Springtime greetings on this cold and cloudy first of February here in the Rheingau! And yes, we do feel like spring has sprung – at least for our tiny congregation. Little more than 2 months ago, it was still unclear whether we would be allowed to continue into 2018: our 3-year “test phase” was coming to an end and our congregation had been given the task of raising 15,000 Euros to cover the majority of costs for the 2018 operating costs. One might think that such a sum would be easy in the wealthiest country in Europe, but this is a country where church tax has been in place since 1830. If you check the box ‘Protestant,’ or ‘Catholic’ or ‘Jewish’ on your employment form, the equivalent of 8% of your federal tax is taken from your paycheck and given to the national administration of your faith. So, the old phrase, “I gave at the office,” is a reality here. Weekly offerings are generally a bit of small change. Annual pledging is practically unheard of.
Well, we not only managed to raise the required 15,000 – we exceeded the mark! With a membership that has grown from 5 in February of 2015 to 50 in February of 2018, we are grateful and so happy to be able to say, as Steven Sondheim’s song from the musical Follies so aptly says, we’re still here! Of course, we will have to meet or exceed this amount for 2019 and on into the future – another psychological, as well as practical challenge for us.
Why are we growing at a time when most congregations are losing members? It is apparent to me that, though Church as an institution seems increasingly irrelevant to many people, the need for spiritual fellowship is more relevant than ever. Our worship and other activities, in which we reflect both the traditions of the mainstream Evangelical Church along with the atmosphere of warmth and inclusion that is a part of my faith experience in the UCC, provides opportunity for participation, for critically thinking about the Bible and its relevance to our 21st century lives and for a variety of musical expression in worship.
Last night, a pastoral colleague and I sat in a café here in the Bergkirche Quarter and, as often happens, we fell into conversation with a woman who was sharing a tiny table with us. I had a copy of this Sunday’s bulletin in my hand, which prompted the woman to tell her story of why she left the church, a story of alienation from what she, in her teens, took for dry arrogance. At the end of her story she said, “What does this group of old men have to say to me, a middle-aged woman, that has any relevance to my life? I’m a believer, but I don’t believe the Church cares about me.” Actually, the vast majority of pastors here care a great deal. The Evangelical Church of Hessen-Nassau has sponsored any number of projects to reawaken interest in church. One of the projects is called “Spürbare Sonntag,” or “a Sunday to notice.” It is a take on “Bring a friend to church Sunday” and has had some positive effect.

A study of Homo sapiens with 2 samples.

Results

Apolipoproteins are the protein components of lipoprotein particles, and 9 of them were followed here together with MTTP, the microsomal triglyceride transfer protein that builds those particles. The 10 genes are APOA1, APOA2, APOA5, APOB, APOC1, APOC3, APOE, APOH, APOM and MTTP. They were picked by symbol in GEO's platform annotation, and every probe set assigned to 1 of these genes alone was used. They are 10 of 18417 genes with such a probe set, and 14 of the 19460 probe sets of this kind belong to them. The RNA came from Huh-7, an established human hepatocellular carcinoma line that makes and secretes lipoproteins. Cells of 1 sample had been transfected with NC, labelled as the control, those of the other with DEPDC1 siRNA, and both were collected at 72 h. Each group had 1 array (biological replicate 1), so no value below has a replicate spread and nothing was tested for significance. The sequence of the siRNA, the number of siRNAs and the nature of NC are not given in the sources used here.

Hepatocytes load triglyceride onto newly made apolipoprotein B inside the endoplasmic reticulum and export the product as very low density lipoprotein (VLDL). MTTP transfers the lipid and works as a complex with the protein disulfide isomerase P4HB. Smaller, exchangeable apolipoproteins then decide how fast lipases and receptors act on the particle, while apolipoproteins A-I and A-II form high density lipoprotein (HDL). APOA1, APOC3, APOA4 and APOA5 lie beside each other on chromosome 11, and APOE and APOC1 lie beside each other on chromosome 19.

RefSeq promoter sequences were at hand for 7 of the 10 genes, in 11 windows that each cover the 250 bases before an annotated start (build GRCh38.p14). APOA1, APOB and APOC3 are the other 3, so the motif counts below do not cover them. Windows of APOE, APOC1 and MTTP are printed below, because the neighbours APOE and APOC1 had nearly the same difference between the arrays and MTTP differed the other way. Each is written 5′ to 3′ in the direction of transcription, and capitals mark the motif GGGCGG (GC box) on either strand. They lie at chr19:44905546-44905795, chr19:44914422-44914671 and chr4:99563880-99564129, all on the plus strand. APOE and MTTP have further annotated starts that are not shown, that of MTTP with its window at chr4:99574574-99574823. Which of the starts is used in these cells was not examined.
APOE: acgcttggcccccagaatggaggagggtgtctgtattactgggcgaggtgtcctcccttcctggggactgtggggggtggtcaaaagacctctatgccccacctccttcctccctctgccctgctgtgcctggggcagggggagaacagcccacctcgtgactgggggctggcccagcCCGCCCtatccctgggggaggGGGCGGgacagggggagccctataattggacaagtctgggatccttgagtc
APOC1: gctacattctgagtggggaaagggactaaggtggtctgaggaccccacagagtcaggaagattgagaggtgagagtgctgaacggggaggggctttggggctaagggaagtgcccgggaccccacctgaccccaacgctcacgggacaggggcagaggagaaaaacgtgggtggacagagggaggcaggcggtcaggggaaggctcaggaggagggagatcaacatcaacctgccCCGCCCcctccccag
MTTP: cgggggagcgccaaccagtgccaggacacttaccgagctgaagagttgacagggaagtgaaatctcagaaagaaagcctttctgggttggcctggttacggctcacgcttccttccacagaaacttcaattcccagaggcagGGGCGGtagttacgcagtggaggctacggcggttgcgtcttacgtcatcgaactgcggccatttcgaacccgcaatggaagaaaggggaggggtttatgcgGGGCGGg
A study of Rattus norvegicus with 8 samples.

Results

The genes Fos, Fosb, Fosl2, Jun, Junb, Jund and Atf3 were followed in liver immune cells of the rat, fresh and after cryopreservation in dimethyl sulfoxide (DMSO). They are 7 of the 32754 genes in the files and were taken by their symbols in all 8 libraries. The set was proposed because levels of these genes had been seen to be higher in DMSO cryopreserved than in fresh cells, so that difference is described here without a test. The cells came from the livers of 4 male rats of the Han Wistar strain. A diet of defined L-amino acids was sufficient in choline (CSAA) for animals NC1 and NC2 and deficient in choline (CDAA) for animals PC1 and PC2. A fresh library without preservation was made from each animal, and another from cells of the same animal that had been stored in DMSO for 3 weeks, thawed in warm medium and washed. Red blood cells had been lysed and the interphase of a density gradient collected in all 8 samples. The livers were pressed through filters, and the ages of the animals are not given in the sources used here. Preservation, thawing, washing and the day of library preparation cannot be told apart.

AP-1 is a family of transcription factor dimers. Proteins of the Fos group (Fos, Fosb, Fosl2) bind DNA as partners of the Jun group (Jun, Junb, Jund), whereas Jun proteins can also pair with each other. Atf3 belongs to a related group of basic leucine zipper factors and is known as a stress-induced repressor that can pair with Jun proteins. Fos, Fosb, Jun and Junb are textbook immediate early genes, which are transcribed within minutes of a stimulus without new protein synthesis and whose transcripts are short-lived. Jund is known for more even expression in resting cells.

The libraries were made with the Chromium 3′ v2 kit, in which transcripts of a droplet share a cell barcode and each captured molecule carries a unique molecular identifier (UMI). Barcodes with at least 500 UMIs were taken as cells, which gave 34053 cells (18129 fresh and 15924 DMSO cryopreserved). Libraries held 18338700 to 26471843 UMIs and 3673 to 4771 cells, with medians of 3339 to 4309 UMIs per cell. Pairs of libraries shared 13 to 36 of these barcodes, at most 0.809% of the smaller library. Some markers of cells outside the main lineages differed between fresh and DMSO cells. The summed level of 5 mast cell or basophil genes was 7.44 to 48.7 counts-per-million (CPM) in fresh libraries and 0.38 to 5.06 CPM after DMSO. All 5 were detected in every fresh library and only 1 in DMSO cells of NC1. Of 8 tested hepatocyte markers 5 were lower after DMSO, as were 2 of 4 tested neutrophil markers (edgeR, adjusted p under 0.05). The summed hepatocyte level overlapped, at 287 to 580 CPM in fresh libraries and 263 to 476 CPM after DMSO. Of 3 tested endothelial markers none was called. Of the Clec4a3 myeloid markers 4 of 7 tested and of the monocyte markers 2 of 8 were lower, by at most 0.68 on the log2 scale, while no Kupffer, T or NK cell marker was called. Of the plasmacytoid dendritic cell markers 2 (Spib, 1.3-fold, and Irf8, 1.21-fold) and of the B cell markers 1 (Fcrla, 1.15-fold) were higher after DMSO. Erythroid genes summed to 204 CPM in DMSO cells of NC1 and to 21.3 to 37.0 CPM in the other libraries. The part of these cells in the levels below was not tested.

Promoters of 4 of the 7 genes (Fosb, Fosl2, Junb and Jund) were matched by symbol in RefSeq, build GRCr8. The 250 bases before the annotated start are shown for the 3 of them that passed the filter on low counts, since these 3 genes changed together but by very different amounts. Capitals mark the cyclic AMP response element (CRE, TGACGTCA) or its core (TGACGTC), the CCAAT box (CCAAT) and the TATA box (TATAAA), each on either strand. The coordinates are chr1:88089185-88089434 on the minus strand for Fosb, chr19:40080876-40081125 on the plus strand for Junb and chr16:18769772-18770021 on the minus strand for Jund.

There is a small group of pastors and theologians here in Wiesbaden, as of yet, all women, who are interested in what we’re doing. Because our worship takes place later than the “traditional” 10:00 services, they often come to worship with us, take part in our Dinner Church and also in our Thursday evening discussion circle. These women, in my opinion, represent the strongest reason for our work: what started out as an outreach to English speakers is hopefully becoming a partnership in learning as we look at what Church can mean, honoring the meaningful traditions of the German Protestant Church, along with our UCC traditions.
Our mission here is evolving. The Wiesbaden contingent of our UCC-EKHN Partnership committee met recently with Dr. Martin Mencke to discuss future partnership activities that would benefit not only the partnership participants, but a broader church-wide understanding of the similarities and differences within and among our churches. Last summer’s meeting of UCC pastors and lay members, who we had the pleasure of hosting, focused on issues related to the church’s participation in the refugee crisis. There is interest on this side of our partnership in how sanctuary churches and cities in the US are putting into practice the phrase that the German theologian Martin Niemöller used: What would Jesus do? Of course, Niemöller didn’t invent the phrase; he said however, that his break with Nazism came when he finally asked himself that short, but not at all simple, question.
UCC/EKHN in the Protestant Deanery of Wiesbaden
Rosalind Gnatt serves as a long-term volunteer with the Evangelical Church of Hesse-Nassau. Her appointment is made possible by your gifts to Disciples Mission Fund, Our Church’s Wider Mission, and your special gifts.